Press Release

Ohio permits Tax bill payments in Crypto currency


Finer details of the new tax payment system with cryptocurrency:
The new tax payment system with cryptocurrency is open for access to businesses operating within Ohio only. Although allowing individuals to pay their tax bill payments with cryptocurrency is also on the plan. As for now, Josh Mandel (Ohio Treasurer) has not put a clear time frame on the commencement of this tax paying system for individual payers. Currently, the acceptable cryptocurrency by the Treasurer’s office is Bitcoin. In near future, other cryptocurrencies will be added to the list.

How does this new tax payment system works?
For businesses operating in the state of Ohio with a tax bill; they will need to register themselves online at OhioCrypto.com in order to pay their taxes. The platform allows twenty-three types of business-related taxes. You can choose your type. Also, there is no transaction limit.

Ohio’s Treasurer’s Office does not hold, mines or invests in cryptocurrency neither for the payments nor for the processing. A third party called- ‘BitPay’ processes the cryptocurrency payments. The payments are immediately converted into dollars before they are paid into the state account.

In order to make the tax payments successfully, Payment Protocol compatible wallets are required. The list of compatible wallets includes BitPay Wallet, Copay Wallet, BTC.com Wallet, Mycelium Wallet, Edge Wallet (Formerly Airbitz), Electrum Wallet, Bitcoin Core Wallet, Bitcoin.com Wallet, BRD Wallet (breadwallet), and Bitcoin Cash (BCH) Wallets. In absence of any compatible wallets, it is advisable to create a compatible wallet and send a coin to it.

Tax paying Fees:
Paying taxes with cryptocurrency involves fees. Any payments made with credit cards or the debit cards are will be charged a certain fee as decided by the payment providers. This will not include assessed fee through the Treasurer’s office.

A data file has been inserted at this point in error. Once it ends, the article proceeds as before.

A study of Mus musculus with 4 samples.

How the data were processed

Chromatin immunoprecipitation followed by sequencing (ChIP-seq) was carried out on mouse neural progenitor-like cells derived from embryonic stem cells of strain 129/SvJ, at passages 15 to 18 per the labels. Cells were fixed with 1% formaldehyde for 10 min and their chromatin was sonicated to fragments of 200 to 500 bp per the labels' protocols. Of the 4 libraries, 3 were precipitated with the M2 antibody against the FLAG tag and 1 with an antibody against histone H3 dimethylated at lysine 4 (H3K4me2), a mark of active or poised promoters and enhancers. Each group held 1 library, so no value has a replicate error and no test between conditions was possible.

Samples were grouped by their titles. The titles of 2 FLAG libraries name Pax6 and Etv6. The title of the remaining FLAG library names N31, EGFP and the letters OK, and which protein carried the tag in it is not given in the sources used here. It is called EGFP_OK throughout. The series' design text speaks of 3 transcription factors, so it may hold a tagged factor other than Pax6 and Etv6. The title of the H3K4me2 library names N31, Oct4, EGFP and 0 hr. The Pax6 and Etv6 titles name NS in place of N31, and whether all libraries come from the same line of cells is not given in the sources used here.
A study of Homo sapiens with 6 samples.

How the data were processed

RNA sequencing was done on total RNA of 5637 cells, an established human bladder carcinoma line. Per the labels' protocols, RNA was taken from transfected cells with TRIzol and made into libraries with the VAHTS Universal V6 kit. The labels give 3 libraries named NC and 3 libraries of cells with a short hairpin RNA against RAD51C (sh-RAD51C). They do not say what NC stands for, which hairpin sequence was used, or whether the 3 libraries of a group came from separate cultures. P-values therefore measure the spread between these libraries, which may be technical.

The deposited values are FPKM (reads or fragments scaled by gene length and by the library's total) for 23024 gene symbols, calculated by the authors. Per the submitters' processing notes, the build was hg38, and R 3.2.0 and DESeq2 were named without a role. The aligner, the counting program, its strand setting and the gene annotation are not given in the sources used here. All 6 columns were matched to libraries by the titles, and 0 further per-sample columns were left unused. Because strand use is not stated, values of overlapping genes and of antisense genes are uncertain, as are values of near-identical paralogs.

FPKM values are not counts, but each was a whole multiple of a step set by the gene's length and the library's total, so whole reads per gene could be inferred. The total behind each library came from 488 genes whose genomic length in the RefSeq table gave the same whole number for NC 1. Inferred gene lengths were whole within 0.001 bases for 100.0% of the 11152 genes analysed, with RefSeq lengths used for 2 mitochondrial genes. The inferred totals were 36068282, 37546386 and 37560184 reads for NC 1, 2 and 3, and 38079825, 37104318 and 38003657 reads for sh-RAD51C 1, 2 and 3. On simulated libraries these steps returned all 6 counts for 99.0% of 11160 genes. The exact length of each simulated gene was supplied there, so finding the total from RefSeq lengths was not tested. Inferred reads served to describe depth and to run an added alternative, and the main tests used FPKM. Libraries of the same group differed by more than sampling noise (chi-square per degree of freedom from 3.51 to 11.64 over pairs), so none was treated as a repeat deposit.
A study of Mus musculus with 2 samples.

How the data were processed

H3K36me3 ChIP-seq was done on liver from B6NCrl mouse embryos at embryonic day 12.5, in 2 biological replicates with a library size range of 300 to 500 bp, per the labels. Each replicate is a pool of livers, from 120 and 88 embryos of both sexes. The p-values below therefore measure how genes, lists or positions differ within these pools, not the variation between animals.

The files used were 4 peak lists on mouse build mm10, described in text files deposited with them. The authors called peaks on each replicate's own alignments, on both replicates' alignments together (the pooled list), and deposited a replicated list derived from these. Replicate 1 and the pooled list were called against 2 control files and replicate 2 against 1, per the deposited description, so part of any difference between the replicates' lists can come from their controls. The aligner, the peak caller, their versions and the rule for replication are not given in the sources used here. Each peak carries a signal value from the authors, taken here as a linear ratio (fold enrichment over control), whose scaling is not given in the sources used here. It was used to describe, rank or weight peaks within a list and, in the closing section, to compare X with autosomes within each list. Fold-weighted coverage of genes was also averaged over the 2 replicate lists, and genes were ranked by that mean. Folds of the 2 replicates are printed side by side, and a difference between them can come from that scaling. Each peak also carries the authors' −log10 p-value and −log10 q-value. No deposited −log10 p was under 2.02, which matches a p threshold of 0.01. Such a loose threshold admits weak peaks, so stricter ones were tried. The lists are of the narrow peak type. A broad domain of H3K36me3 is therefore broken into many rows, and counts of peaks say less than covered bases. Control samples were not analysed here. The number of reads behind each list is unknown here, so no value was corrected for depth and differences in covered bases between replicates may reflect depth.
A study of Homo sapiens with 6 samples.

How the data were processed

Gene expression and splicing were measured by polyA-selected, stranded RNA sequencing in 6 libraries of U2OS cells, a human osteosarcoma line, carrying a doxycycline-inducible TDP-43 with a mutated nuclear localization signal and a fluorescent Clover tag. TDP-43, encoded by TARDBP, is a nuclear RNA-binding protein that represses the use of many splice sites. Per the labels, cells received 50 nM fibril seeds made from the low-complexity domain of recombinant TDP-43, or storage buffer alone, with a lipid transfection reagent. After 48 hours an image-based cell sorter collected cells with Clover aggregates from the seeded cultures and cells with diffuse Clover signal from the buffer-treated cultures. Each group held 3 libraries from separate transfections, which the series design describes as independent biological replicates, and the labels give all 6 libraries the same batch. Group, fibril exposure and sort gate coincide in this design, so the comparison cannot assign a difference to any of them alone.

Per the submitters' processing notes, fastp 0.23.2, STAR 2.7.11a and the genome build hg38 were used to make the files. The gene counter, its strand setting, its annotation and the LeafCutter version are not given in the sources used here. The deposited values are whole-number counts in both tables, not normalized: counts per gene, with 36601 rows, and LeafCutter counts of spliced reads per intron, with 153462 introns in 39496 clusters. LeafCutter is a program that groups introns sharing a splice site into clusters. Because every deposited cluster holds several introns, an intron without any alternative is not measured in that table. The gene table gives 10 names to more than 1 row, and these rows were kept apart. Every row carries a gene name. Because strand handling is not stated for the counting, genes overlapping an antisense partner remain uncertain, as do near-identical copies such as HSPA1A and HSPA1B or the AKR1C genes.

Those who will use cryptocurrency to pay their taxes will be charged a transaction fee, a network fee, and the miner fee. One can find the miner fee on the taxpayer’s wallet. It can’t be found on OhioCrypto.com.

The three-month introductory period fee:
During the first three months of the introductory period of this new tax paying system through cryptocurrency, there will be 0% transaction fee. After the first three introductory months, the transaction fee will be charged at 1% rate. Please note that the fees are user fees and are not supplemented by state funds.

‘The State of Ohio will not pay BitPay or any other company fees for processing or other services relating to the acceptance of crypto.’ – As per Treasurer’s Office of the State of Ohio.

The state of Ohio has certainly started a new trend in 2018 which looks promising on several fronts. Although in 2016, the bill for accepting Bitcoin as a payment method for the taxes was not voted in support. It gained only 74 votes against 264 votes by the New Hampshire Legislature. In Georgia to a similar scene was observed when another bill to accept cryptocurrency as a mode of payments to pay the taxes was not supported either, in the early quarter of 2018. This idea of accepting cryptocurrency as a mode of paying taxes was greeted with support in Arizona’s state legislature. The state passed the ‘Crypto payment measure’ on 16th May 2018.

On the other hand, the Internal Revenue Service (IRS) (IRS regulates the interpretations of tax codes and lays guidance about the kinds of acceptable payments towards the tax payment), still doesn’t accept the cryptocurrency as a payment method for taxes. Currently, IRS sticks with the traditional and time-tested methods of payments such as by check, money order, credit card, and debit card.